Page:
Birkbeck Lectures 2017: Energy and Nature

Dates:
Venue:
Birkbeck, University of London, Lecture Theatre B34, Torrington Square
ecssoc@gmail.com

PARTNER EVENT

18:30–20:00, Six Friday evenings, 10 February to 17 March

Ecology and Conservation Studies Society, Birkbeck Free Lecture Series

Much of our energy use involves the generation of “greenhouse gases” and the resulting climate change is harming nature, from the loss of sea ice for Polar Bears to the bleaching of coral in the tropics. As climate changes, species die out in places that become unsuitable and colonise newly available places, but not all are able to do this. These effects are predicted to be large, but our use of energy can also have more direct effects. Air pollution from fossil fuel use can harm sensitive plants, so changing vegetation composition and the habitat for other species. Strip mining of coal and oil shales can scar the landscape, and oil spills can harm sea life. Chernobyl and Fukushima led to large scale evacuation, but we cannot evacuate the wildlife. 

Sustainable energy requires substituting fossil fuels with sources more directly generated from the sun, such as wind, biomass, solar thermal and photovoltaics. It’s not enough to act locally whilst we trade with others who have not changed, so we need to account for the consequences of local consumption and trade, not just of production. Even then, sustainable energy sources can affect nature; do we want huge monocultures of biomass crops or equally large solar arrays?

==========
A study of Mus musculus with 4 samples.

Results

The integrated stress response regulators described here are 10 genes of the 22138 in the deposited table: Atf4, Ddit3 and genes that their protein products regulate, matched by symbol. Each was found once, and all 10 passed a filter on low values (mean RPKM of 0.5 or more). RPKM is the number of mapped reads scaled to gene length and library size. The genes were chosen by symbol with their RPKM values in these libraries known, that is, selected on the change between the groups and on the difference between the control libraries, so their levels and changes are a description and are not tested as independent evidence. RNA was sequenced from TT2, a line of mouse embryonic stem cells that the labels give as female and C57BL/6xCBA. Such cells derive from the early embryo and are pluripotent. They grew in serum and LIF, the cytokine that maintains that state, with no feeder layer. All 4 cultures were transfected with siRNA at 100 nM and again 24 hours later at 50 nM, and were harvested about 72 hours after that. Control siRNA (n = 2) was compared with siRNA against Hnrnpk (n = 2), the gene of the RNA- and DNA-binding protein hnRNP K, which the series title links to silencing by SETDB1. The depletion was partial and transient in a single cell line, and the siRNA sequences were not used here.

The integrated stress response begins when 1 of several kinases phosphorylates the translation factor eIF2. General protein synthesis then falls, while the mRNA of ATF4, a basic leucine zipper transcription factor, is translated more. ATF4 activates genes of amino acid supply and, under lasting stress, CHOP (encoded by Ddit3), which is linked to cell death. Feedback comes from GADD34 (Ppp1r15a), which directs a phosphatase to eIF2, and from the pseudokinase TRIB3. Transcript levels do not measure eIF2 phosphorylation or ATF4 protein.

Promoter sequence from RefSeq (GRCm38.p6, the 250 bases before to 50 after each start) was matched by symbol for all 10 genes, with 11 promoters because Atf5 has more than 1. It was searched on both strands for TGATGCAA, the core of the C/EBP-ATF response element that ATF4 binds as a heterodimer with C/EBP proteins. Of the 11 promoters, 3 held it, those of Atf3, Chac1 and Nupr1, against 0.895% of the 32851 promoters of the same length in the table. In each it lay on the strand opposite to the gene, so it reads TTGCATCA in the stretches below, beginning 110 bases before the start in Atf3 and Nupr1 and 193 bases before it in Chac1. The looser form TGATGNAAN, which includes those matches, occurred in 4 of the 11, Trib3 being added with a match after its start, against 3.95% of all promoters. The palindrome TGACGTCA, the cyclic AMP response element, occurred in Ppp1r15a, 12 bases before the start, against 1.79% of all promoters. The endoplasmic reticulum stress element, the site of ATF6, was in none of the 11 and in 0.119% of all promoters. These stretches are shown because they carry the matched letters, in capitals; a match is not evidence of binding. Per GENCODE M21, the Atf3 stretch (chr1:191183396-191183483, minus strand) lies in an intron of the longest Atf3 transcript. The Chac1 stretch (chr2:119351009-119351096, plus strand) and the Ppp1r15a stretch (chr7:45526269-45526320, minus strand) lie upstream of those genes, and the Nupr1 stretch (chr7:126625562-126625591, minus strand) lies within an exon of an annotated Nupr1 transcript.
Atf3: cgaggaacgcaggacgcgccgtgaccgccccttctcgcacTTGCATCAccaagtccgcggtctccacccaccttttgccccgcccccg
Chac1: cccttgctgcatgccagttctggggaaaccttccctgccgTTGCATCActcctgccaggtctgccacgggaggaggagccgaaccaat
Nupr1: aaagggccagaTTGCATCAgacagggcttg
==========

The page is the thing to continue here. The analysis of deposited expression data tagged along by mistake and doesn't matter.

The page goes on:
• 10th February: Bioenergy and biodiversity. David Howard, Director Centre for Sustainable Energy, Centre for Ecology & Hydrology, Lancaster Environment Centre.
  • 17th February: Effects of pollutants from road traffic on natural habitats and risk to nature conservation sites. Richard Smithers, Knowledge Leader: Ecosystems, Ricardo Energy & Environment, Harwell.
  • 24th February: Evolution of lichen based bio-indication methods in response to changing air pollution. Dr Holger Thüs, Natural History Museum.
  • 3rd March: Fracking and ecosystem impacts. Tom Oliver, Associate professor of landscape ecology, University of Reading
  • 10th March: Renewable electricity and wildlife. Dr Lucy Wright, Principal Conservation Scientist, RSPB.
  • 17th March: Long-term recovery from the Torrey Canyon oil-spill - interactions with climate change and other impacts. Prof Stephen Hawkins, National Oceanography Centre, University of Southampton and Lankester Fellow at the Marine Biological Association.

For more information please contact the organiser, Ecology and Conservation Studies Society, ecssoc@gmail.com.